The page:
We meet up with a family in Ħaż-Żebbuġ. Mark was fortunate to instil the love of the land through his grandfather and pursued his studies to now today become a faculty member at the MCAST Agribusiness Institute.
While teaching by day, he enjoys his free time cultivating his own bee colony. His wife Kathleen gives a helping hand while his young son Isaac is taking keen interest too. Hopefully Isaac will one day pick up the mantle and be a master beekeeper like his parents.
“Bees play an important role in our ecosystem because of pollination. My favourite time of the year is April when bees are ready to swarm. Bees reproduce by swarming, normally between mid-March and mid-May.
My grandfather was a gardener and I was always on his tail. Then I studied agriculture at the Agriculture College and I kept studying at University. I started off by following my passion and now I’m trying to pass it on to others. Now I teach Agribusiness. One of the subjects at college was beekeeping and I was immediately fascinated by it. When I started beekeeping I only had two boxes. First, you need the knowledge, then you learn more with experience and time. I’ve dragged my family into this as well, they’re very interested.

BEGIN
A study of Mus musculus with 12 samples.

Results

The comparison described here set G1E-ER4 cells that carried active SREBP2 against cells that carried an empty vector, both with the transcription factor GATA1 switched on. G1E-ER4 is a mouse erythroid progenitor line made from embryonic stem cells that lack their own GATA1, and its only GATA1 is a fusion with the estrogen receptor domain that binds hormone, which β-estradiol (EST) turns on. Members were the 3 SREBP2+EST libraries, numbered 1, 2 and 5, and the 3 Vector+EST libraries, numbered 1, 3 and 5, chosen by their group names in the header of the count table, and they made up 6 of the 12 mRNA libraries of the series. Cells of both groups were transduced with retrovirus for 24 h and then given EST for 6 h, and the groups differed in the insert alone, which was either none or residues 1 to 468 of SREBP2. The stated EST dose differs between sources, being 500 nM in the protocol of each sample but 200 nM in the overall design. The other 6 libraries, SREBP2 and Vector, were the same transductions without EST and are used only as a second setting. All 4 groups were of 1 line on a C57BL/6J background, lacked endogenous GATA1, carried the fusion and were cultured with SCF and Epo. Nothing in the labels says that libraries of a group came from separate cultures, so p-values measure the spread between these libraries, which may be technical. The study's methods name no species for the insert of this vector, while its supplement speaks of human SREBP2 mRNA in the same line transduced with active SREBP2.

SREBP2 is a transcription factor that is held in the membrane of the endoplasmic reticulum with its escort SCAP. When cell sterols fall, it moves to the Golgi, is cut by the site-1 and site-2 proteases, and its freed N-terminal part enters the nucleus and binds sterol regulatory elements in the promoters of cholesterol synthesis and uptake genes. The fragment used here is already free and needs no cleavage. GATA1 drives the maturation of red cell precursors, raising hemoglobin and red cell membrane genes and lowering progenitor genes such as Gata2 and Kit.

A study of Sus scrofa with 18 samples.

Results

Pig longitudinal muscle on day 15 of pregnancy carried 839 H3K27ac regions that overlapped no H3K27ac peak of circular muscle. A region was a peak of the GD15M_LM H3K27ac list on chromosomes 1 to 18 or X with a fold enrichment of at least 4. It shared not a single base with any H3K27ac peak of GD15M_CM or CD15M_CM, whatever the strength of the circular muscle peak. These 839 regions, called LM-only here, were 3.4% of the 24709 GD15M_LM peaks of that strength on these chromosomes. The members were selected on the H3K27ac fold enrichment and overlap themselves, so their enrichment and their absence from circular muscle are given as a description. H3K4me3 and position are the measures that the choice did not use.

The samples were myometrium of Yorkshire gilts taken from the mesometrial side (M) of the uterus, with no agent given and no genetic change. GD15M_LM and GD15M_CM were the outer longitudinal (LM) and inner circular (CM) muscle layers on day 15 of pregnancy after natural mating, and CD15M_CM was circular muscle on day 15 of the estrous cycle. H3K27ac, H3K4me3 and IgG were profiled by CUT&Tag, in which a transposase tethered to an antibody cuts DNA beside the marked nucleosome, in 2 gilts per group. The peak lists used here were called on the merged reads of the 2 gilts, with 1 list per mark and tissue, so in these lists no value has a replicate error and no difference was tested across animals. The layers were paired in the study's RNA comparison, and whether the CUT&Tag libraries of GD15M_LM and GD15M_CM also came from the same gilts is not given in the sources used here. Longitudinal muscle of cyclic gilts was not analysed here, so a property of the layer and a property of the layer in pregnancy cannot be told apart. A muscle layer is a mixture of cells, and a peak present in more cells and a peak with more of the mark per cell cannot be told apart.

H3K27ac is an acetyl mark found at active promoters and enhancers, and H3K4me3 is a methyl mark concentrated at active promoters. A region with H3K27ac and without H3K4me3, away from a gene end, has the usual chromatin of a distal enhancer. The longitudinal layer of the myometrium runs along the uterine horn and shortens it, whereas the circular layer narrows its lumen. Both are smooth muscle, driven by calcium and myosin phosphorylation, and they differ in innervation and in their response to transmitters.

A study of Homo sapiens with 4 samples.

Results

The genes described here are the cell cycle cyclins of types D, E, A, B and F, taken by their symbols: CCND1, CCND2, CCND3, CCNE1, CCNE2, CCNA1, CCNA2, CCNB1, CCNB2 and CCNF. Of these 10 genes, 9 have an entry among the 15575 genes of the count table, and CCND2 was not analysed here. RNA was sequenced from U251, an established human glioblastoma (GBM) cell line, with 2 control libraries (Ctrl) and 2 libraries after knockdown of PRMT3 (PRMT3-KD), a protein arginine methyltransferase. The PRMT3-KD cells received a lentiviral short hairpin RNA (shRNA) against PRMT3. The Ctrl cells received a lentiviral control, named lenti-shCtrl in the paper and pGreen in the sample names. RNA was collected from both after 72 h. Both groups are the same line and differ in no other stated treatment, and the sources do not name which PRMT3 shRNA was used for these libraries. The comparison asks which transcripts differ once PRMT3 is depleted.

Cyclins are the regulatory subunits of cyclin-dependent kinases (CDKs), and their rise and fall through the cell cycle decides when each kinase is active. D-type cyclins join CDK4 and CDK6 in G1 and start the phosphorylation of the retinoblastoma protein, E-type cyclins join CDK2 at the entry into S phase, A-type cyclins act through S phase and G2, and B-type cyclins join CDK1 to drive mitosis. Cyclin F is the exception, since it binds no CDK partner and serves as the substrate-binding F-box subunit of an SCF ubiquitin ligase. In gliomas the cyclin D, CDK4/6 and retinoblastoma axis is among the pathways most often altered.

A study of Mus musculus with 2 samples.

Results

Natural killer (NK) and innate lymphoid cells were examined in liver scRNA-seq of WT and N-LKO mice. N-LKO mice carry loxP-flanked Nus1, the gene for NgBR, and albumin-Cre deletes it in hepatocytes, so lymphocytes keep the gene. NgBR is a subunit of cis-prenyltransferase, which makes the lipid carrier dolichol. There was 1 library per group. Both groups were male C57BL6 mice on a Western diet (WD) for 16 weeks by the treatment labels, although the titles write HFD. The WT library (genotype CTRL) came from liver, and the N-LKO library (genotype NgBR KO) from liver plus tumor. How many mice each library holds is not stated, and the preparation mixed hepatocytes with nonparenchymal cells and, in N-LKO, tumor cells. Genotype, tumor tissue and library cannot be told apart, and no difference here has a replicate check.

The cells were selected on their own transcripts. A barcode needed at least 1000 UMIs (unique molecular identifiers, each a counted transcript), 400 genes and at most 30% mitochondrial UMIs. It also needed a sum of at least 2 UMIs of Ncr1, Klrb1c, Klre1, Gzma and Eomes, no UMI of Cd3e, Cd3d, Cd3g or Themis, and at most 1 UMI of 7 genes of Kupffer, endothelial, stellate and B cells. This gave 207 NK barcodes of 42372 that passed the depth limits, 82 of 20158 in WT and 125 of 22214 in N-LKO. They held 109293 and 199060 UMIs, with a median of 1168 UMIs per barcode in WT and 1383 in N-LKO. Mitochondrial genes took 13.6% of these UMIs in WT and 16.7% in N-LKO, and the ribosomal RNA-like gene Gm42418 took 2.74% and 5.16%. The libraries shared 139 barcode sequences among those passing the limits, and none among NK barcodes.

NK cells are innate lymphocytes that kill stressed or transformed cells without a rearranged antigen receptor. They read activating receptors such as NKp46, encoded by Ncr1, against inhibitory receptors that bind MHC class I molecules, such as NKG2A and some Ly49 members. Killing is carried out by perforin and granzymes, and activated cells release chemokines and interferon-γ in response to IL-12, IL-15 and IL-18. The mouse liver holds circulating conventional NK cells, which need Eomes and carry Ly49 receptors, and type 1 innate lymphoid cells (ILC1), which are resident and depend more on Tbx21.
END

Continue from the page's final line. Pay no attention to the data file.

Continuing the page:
Bees are intelligent creatures. Before they swarm, they already have a destination in mind: a destination found by the scout bees. When they decide to move to their new location, they take their queen with them.
Isaac loves this place. Although he is only four years old, he already has his own beehive, bee suit and smoker. Kathleen takes care of the extracting and bottling of the honey. Honey is harvested in various seasons, depending on the locality and where the bees collected nectar. Maltese honey contains pollen grains from Maltese flora. If someone is allergic to Maltese pollen, one should go for local honey rather than foreign honey. Honey boosts your metabolism.”